Stephen Luntz

Stephen has a science degree with a major in physics, an arts degree with majors in English Literature and History and Philosophy of Science and a Graduate Diploma in Science Communication.

Freelance Writer

17 Google Tracks The Benefit Of Vaccinations
The varicella vaccine is making sights like this rarer. Kryzhov/Shuttersotck

A study of Google searches for the word “chickenpox” has demonstrated the effectiveness of vaccination against the disease. Where the varicella vaccine has become part of the standard childhood immunization schedule, search rates drop dramatically.

Varicella zoster, better known as chickenpox, was once so common that it wasn't taken seriously. However, it is occasionally very serious and the aftereffects, in the form of shingles, can be debilitating decades later. The introduction of a vaccine against the virus has led to a reduction in infections, and a predictable backlash from the anti-vaccination movement.


Measuring just how successful the vaccine has been is tricky, however. Unlike many of the other diseases vaccinations prevent, chickenpox seldom leads to hospitalization. Most countries do not require doctors to report cases they see.

In search of a different source of data on chickenpox outbreaks, University of Michigan PhD student Kevin Bakker turned to Google searches for the word chickenpox from 36 countries over 11 years.

After the vaccine became widespread in Germany, Australia, and the United States the number of searches declined. Moreover, those searches that did occur were more evenly spaced through the year, rather than coinciding with seasonal outbreaks. In Spain and Italy, where vaccination is restricted to certain regions, similar changes were almost unobservable.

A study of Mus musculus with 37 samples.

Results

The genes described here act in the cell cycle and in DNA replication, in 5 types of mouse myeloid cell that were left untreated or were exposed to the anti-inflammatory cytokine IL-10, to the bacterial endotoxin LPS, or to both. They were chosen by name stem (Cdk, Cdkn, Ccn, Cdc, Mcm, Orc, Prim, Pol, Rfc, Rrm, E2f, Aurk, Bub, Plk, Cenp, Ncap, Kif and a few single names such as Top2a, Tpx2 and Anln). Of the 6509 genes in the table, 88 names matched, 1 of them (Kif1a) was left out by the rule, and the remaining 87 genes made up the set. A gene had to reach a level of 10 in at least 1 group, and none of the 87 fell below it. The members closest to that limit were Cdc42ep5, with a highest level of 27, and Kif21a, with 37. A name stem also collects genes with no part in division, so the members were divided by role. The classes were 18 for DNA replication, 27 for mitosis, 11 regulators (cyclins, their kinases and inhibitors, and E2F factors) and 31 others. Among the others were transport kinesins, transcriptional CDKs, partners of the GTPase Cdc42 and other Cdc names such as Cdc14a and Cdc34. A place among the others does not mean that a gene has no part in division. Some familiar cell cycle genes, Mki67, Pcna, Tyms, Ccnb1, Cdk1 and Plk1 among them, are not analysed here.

Bakker confirmed the validity of his method by checking Google searches against national-level data in the five countries – Mexico, Thailand, Estonia, Australia and the United States – that require doctors to report cases of chickenpox and keep nationwide records. In Australia and the United States, where the vaccine is widespread, there was a small but significant correlation between the Google data and the official findings, whereas in the three countries where the vaccine is rare the correlation was very strong, bolstering Bakker's confidence in his methods.


"It is really exciting to see human information-seeking behavior – Google searches – being reduced by vaccination implementation," Bakker said in a statement. "It's a very clear signal, and it shows that the vaccine is having a strong effect."

Bakker's findings are published in the Proceedings of the National Academy of Sciences. Google searches have been used to track the spread of infectious diseases before, and even to give health authorities advanced warnings of outbreaks. However, Bakker is the first to use the technique to demonstrate the effectiveness of a vaccine.

Flu tracking turned out to have unexpected problems but Bakker noted the symptoms of chickenpox are easily recognizable, unlike influenza, where it is a challenge to distinguish between people experiencing the disease itself and other conditions with similar symptoms.

Bakker also showed that chickenpox is most common in spring, irrespective of hemisphere, although China and Japan also had winter peaks.


Bakker used his data to create a model with which he was able to predict the size of outbreaks with considerable accuracy for Australia, although it proved less reliable in matching the severity of disease seasons in Thailand.